Health Highlights: Nov. 4, 2009

HealthDay + More
  • BPA in Canned Foods Cause For Concern, Group Says
  • Breast Cancer May Change When It Spreads: Study
  • Tests Can Detect Early Dementia: Study
  • Cereal's 'Immunity' Claim Outrages Experts
  • FDA Rejects Cholesterol Drug Application
  • Diabetes Drug Label to Address Safety Concerns: FDA

Here are some of the latest health and medical news developments, compiled by editors of HealthDay:

BPA in Canned Foods Cause for Concern, Group Says

Measurable levels of the chemical additive bisphenol A (BPA) were found in a variety of canned goods, including some that claimed to be BPA-free, according to an analysis released this week by the nonprofit advocacy group Consumers Union.

Studies have linked BPA to reproductive abnormalities and increased risk of diabetes and cancer. Some countries have banned the sale of baby bottles made with BPA, which is a plastic hardener and a component of epoxy resin. BPA is used in many products, including food-can linings.

Consumers Union said children who eat multiple servings of some of the food products included in the analysis could ingest amounts of BPA "near levels that have caused adverse effects in several animal studies," the Los Angeles Times reported.

In a letter to the U.S. Food and Drug Administration, Consumers Union said the findings lend support to calls to ban BPA from use in materials that come in contact with foods and beverages.

An FDA spokesman told the Times that a review of existing evidence about BPA's health effects was nearing completion, and that the agency would "make a decision how to proceed" by the end of the month.


Breast Cancer May Change When It Spreads: Study

About 40 percent of breast tumors change when they spread, which means that many patients with metastatic breast cancer may require treatment alterations, say Scottish researchers.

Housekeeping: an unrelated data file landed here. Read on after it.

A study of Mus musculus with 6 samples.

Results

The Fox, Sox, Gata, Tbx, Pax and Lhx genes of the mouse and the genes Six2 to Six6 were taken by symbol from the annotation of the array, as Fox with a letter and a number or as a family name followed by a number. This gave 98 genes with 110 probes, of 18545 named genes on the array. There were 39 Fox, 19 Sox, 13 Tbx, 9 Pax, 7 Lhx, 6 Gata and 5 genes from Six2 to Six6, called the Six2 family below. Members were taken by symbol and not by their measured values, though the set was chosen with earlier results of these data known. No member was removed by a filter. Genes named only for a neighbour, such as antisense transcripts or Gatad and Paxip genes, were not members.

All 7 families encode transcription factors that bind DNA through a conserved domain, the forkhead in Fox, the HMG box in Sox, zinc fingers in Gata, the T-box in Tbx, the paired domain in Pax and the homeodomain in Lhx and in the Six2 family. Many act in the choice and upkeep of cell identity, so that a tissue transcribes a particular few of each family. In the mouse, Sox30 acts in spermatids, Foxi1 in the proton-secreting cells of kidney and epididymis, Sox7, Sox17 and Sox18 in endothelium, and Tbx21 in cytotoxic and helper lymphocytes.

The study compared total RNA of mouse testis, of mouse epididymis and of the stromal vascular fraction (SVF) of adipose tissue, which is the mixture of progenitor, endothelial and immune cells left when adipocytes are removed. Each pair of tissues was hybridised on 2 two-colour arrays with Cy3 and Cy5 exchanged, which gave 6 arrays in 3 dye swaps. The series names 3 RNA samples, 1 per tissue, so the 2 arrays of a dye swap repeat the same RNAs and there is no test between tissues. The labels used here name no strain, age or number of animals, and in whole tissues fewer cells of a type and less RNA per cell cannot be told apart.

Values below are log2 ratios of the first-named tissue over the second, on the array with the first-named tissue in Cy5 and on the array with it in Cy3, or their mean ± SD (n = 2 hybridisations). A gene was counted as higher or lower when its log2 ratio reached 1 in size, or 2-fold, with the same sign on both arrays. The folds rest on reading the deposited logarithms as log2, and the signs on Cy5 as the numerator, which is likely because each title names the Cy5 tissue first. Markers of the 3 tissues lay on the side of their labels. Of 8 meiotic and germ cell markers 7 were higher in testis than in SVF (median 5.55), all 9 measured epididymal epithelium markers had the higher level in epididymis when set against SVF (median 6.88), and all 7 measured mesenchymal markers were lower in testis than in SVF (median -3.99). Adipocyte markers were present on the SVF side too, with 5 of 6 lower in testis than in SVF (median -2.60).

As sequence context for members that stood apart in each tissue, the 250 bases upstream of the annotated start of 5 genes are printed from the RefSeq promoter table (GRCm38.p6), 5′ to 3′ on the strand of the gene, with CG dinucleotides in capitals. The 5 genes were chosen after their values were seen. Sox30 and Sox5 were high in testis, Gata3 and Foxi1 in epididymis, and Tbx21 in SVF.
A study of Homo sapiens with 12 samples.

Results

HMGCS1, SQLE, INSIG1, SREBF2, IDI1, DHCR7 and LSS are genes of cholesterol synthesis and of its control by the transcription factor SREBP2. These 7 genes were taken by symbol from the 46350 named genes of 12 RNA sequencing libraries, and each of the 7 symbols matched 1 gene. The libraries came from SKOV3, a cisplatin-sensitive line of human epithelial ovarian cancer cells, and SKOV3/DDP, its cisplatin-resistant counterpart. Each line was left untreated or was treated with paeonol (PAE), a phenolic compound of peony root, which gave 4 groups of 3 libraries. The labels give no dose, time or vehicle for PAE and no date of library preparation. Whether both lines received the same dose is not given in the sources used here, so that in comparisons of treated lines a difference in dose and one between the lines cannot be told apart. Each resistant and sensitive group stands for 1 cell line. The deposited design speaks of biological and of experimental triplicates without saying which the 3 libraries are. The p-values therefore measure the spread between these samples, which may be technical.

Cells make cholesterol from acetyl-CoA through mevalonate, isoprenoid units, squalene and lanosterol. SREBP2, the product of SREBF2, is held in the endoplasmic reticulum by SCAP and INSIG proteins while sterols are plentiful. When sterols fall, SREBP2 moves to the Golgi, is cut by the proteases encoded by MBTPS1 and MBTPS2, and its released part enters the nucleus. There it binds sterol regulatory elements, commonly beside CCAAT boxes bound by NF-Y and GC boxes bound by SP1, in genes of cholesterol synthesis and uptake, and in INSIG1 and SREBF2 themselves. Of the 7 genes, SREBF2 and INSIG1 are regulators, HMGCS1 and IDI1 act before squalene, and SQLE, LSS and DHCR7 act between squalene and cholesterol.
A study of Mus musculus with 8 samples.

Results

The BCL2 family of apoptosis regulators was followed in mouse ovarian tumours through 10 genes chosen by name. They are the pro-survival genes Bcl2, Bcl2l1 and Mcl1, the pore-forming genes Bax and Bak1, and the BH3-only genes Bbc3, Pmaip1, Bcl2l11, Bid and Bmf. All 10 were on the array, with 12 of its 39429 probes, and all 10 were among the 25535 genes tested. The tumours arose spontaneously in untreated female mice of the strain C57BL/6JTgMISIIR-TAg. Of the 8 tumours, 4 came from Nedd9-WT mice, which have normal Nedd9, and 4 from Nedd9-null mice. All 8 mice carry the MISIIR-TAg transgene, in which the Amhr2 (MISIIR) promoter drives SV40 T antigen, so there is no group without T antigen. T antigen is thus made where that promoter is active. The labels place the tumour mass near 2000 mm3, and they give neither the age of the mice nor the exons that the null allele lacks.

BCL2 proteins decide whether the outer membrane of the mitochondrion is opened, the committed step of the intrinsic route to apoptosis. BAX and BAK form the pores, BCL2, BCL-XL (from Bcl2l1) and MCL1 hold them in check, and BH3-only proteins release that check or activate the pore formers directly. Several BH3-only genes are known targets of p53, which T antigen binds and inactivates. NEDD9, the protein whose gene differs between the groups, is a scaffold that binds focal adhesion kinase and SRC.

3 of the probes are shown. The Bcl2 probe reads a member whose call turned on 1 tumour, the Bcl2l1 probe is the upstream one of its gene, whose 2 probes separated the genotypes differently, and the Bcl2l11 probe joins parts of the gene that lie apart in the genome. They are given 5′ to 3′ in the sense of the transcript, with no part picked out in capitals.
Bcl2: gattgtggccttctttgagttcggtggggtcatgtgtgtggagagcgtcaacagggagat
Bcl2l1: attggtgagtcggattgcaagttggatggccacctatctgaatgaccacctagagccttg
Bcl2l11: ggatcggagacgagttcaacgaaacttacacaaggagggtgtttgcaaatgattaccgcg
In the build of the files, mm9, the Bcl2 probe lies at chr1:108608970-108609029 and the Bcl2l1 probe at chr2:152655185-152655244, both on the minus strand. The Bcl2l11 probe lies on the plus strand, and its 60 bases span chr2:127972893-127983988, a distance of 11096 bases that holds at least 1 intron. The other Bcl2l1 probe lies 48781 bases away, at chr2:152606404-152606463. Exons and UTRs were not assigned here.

They examined 211 breast tumors that had traveled to the lymph nodes in the armpit. This is the location breast cancer usually spreads to first, BBC News reported. The researchers were surprised to find that the breast cancer had changed in so many patients and in so many ways.

"This suggests there is a need to test which type of disease a woman has in the lymph nodes, because it could radically alter the course of treatment she receives," said lead researcher Dr. Dana Faratian, of the Breakthrough Breast Cancer Research Unit in Edinburgh.

"This research may show why some women whose cancer has spread to the lymph nodes do not respond to treatment," said Professor David Harrison, director of Breakthrough Breast Cancer, BBC News reported.

The study appears in the journal Annals of Oncology.


Tests Can Detect Early Dementia: Study

Early dementia can be detected using memory and language tests, say British researchers.

Their 20-year study included 241 elderly people who were given regular tests to assess their thinking and cognitive abilities, BBC News reported. Scrutiny of the test results revealed subtle clues associated with later mental impairment.

The researchers found that participants who had more difficulty with language expression, learning and recall tasks went on to develop mild cognitive impairment or pre-dementia.

The study appears in the journal Neurology.

Most dementias are diagnosed only after considerable loss of brain tissue. These findings could help lead to earlier diagnosis of dementia, which is important because treatment is most effective when started early, BBC News reported.


Cereal's 'Immunity' Claim Outrages Experts

Health and nutrition experts are attacking Kellogg for claims that one of its cereals benefits children's immune systems because it contains increased levels of vitamins A, C and E.

Bold lettering on the front of Cocoa Krispies boxes claims the cereal "Now helps support your child's IMMUNITY," a declaration likely to catch the eye of parents worried about the danger the H1N1 virus presents to their children.

"The idea that eating Cocoa Krispies will keep a kid from getting swine flu, or from catching a cold, doesn't make sense," Marion Nestle, a nutrition professor at New York University, told USA Today. "Yes, these nutrients are involved in immunity, but I can't think of a nutrient that isn't involved in the immune system."